Following oral administration of Coxsackie viruses (C viruses) to susceptible chimpanzees, these agents can be isolated from the throat for a period of approximately a week, from the blood for a few days, and from the stools for 2 to 3 weeks or even longer. Animals so infected respond with the formation of specific neutralizing antibodies which are maintained for at least 1 to 2 years. Such chimpanzees are immune when challenged orally with homologous strains of virus. They then excrete virus in the stools for 3 or 4 days (passive transfer); no virus can be recovered from the throats and blood of these animals, and neutralizing antibody levels remain unchanged.

Animals immune to one antigenic type of C virus can be infected by feeding a different antigenic type. Following such a heterotypic challenge, virus can again be isolated from the throat, blood, and stools; neutralizing antibodies develop to the new strain.

Antibodies to the Texas-1 type of C virus were already present in four chimpanzees upon their arrival in the laboratory from Africa. It was possible to set up intestinal carriage of the Texas-1 virus in these animals and to demonstrate a 10- to 100-fold increase in titer of neutralizing, as well as complement-fixing, antibody.

Quantitative titrations of the amount of virus present in the stools and throat were performed. Immediately after the first feeding of virus relatively large amounts can be detected in the stools; the titer drops, but may be maintained for as long as 25 days at 10–2 to 10–3, furnishing evidence that virus multiplication has taken place. Virus in the throat reached the same order of magnitude at first as in the stools but there was a rapid decline to zero in a few days. The Ohio-1 virus differed from the others in that it persisted in the throat as long as in the stools, and in several instances reached a higher titer in the throat. Following homotypic challenge with all types, virus could be detected in the stools for only a relatively short period of time and at low concentration.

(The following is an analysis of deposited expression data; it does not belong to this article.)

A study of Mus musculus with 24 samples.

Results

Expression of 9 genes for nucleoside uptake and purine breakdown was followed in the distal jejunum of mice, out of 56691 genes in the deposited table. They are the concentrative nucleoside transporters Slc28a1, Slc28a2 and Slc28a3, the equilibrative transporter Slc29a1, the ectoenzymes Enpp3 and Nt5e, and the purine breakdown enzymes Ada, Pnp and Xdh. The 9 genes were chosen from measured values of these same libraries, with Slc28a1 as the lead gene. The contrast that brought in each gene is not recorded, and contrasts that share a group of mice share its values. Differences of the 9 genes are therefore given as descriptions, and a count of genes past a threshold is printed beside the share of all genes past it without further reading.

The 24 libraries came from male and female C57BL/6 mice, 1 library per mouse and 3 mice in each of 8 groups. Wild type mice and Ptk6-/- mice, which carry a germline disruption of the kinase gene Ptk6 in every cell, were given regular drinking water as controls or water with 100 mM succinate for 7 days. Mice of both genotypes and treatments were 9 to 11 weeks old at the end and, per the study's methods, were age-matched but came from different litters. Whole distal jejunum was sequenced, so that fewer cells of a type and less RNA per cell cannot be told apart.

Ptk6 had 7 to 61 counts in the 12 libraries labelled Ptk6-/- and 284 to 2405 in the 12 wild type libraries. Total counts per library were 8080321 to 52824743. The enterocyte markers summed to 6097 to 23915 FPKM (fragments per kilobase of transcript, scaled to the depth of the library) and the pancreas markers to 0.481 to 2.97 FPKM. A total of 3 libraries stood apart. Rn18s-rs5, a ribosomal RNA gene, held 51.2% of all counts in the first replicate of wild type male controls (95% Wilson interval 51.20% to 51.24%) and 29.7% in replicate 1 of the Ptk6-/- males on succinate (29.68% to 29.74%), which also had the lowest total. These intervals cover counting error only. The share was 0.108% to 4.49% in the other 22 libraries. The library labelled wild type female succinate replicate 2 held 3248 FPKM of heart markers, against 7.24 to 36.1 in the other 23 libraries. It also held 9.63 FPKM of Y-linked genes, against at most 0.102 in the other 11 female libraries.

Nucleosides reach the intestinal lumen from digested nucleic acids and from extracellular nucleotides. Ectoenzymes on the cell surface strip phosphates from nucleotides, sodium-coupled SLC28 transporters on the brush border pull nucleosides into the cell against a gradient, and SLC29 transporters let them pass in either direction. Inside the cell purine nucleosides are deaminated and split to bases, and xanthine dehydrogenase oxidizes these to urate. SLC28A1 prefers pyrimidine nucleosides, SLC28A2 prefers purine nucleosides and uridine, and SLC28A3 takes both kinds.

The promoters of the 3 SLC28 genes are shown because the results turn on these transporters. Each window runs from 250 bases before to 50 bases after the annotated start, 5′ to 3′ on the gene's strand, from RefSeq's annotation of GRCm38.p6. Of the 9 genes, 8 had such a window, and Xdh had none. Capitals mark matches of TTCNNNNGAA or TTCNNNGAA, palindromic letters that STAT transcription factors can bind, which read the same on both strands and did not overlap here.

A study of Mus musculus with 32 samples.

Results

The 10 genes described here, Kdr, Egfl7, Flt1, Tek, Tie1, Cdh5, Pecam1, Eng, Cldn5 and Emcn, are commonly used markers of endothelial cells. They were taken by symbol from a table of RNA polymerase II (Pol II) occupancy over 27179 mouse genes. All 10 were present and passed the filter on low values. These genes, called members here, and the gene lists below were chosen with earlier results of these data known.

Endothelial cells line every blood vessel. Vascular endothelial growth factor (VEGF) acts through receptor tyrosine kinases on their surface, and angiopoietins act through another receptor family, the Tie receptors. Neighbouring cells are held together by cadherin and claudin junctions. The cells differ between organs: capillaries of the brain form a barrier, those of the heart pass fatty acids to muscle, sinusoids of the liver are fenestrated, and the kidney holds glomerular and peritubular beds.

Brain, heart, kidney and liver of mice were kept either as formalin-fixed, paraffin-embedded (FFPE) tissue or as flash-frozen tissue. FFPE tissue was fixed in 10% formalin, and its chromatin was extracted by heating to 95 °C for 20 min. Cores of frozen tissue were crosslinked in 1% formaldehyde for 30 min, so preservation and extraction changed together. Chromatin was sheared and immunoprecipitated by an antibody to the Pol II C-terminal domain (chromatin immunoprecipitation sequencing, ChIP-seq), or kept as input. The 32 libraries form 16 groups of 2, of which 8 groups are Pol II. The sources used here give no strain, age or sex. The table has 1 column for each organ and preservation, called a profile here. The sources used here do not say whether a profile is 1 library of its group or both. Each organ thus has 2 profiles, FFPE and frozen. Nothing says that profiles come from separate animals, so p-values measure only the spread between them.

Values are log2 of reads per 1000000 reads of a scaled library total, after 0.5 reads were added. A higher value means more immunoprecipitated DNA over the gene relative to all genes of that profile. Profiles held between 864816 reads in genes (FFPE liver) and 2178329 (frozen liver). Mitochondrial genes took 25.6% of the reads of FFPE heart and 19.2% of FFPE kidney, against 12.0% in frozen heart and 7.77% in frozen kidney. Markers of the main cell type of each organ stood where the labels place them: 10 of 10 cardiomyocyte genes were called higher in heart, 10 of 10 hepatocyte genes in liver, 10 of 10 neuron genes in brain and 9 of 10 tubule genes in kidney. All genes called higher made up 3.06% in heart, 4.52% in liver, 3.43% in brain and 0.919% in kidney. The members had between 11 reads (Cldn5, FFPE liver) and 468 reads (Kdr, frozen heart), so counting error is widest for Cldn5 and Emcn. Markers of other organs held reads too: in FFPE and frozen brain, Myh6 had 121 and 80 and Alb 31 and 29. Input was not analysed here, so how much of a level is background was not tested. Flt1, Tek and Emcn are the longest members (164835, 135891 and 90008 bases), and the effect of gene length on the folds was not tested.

Virus-neutralizing substances could not be detected in the stools or throat swabs of convalescent animals, at a time when their serum-neutralizing antibody titers were high.

Under the limited conditions of the present experiments, C viruses had no effect on the infection of chimpanzees with three different antigenic types of poliomyelitis virus. Both poliomyelitis and C viruses set up independent infections without apparent interaction between them. No enhancement of the poliomyelitis infection took place, as was plain from the fact that none of the infected chimpanzees became paralyzed.

a titration of Texas-1 C virus in four chimpanzees revealed that a suspension of infected tissue diluted to 106.0 could cause the development of the carrier state; accidental infection of control animals with other Coxsackie types indicated also that very little virus may be necessary to initiate infection.

Seven distinct antigenic types of C virus were inoculated subcutaneously and intramuscularly at the same time into four chimpanzees. The response was the same as that following feeding; virus could be recovered from the throat, blood, and stools, and the animals developed neutralizing antibodies to all seven types of C virus. There was no detectable interference among the viruses.

Cortisone did not bring about the reappearance of the virus excretion in chimpanzees previously infected and shown to be intestinal carriers of poliomyelitis and Coxsackie viruses.